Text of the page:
He was, for a time, among the biggest stars in the world. And he is certainly one of the seminal figures in the development of rock and roll. Both flamboyant and charismatic, he set the bar for the showmanship and created a style that would be mimicked by artists for the next two generations. Today we say a sad goodbye to Richard Wayne Penniman, better known as Little Richard, at age 87.
Penniman was born in Macon, Georgia into a religious family, and he gravitated toward the music of the church. His first major public appearance was at the age of 14, when he performed onstage with the iconic Sister Rosetta Tharpe.
But after leaving home in the late 40s, he discovered secular music and soon began performing and recording. He also developed into a talented songwriter, and while working in a club in the mid-50s, wrote the risque song, “Tutti Frutti.”
The song was lyrically cleaned up a bit and released as a single in 1955. It went on to top the charts and turned Little Richard into a star. His newfound stardom gave him the opportunity to bring his entertaining, high-octane show to the masses. It featured unique lighting and a circus-like atmosphere, and his level of energy combined with his colorful dress demanded attention.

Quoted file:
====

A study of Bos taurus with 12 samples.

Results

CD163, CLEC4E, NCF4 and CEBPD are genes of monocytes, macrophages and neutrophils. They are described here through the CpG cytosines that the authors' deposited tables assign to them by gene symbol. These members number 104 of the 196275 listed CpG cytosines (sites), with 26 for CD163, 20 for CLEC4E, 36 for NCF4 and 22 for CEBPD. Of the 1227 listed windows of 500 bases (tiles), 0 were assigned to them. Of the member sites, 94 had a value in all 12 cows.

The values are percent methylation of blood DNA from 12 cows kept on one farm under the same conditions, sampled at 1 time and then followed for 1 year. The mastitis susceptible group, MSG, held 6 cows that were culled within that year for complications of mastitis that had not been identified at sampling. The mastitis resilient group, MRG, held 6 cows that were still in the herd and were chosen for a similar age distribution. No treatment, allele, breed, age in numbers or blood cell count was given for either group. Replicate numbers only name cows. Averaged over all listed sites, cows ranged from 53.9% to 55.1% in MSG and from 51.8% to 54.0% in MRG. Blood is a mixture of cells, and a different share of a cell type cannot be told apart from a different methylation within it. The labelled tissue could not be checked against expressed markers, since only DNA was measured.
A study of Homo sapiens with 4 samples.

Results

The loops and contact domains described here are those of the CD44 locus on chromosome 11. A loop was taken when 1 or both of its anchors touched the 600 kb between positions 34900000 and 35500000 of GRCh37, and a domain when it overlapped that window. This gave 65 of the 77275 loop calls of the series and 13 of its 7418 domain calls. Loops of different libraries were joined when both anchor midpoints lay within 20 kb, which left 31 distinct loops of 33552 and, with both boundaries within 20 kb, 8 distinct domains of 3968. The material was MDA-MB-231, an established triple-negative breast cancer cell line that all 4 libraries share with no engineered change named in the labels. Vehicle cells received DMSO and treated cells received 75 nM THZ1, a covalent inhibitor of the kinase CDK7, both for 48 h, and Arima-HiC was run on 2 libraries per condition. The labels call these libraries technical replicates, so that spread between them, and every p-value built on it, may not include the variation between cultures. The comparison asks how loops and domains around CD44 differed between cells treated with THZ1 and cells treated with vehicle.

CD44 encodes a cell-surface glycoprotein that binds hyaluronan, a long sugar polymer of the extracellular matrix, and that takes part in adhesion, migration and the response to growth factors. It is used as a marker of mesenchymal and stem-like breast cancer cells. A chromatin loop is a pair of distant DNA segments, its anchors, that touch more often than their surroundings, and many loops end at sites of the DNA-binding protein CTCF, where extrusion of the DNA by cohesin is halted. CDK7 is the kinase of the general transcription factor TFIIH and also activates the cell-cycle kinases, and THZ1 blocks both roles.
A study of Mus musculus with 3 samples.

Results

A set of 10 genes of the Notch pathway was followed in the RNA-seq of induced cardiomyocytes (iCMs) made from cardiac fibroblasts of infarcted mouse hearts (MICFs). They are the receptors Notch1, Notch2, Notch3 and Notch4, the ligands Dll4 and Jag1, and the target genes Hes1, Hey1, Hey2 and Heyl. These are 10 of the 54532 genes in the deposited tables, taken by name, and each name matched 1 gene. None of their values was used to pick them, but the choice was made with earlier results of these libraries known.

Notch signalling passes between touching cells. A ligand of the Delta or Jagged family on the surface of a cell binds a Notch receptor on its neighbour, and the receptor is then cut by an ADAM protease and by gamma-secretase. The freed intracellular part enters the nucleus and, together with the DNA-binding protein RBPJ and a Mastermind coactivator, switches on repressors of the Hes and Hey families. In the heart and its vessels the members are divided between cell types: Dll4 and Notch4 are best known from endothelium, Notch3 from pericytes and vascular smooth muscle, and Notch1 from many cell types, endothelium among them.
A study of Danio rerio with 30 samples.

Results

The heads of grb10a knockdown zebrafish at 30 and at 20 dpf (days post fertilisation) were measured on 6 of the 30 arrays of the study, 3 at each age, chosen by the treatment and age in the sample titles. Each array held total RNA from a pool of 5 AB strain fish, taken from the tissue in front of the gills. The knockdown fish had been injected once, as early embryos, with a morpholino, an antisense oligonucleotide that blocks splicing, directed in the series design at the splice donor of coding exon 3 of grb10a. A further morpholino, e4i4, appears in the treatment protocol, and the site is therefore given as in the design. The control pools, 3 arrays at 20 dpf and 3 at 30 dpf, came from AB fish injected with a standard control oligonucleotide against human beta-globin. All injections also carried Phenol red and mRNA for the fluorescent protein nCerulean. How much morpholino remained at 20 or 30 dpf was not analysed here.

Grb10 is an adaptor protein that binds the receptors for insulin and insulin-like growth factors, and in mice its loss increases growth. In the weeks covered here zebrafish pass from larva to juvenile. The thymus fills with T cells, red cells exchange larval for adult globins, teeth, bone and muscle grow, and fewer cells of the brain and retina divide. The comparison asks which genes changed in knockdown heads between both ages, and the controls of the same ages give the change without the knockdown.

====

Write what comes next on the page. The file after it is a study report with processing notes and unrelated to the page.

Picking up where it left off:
Little Richard rode his success through a dozen and a half hits over the next three years such as “Rip It Up,” “Jenny Jenny” and “Good Golly Miss Molly,” gathering fans of all colors and cultures.
Always torn between the spiritual and the secular, Little Richard retired from show business to become a minister in 1958. He recorded Gospel music for a few years before returning to rock and roll by the early 60s. He continued to record with some success into the early 70s and slowly developed into a popular oldies act for years after that, continuing to draw crowds to his dynamic performances.
His iconic style and look made him one of the most recognized stars in the world years after his final hit. He was inducted into the Rock and Roll Hall of Fame in 1986.
In 2000, Penniman was the subject of the movie “Little Richard,” which chronicled his life. He continued to perform and to record even through his 80th birthday. He suffered a heart attack in 2013 and later a stroke, but appeared in public from time to time to promote charitable causes. He was wheelchair-bound for the last several years of his life.
Little Richard was a one-of-a-kind performer whose talent and individuality opened doors for out-of-the-box performers for years since his emergence over six decades ago.
May he rest in peace.
Chris Rizik is the publisher of Soul Tracks. He welcomes readers’ responses to email@example.com. We thank Soul Tracks for sharing this story with us.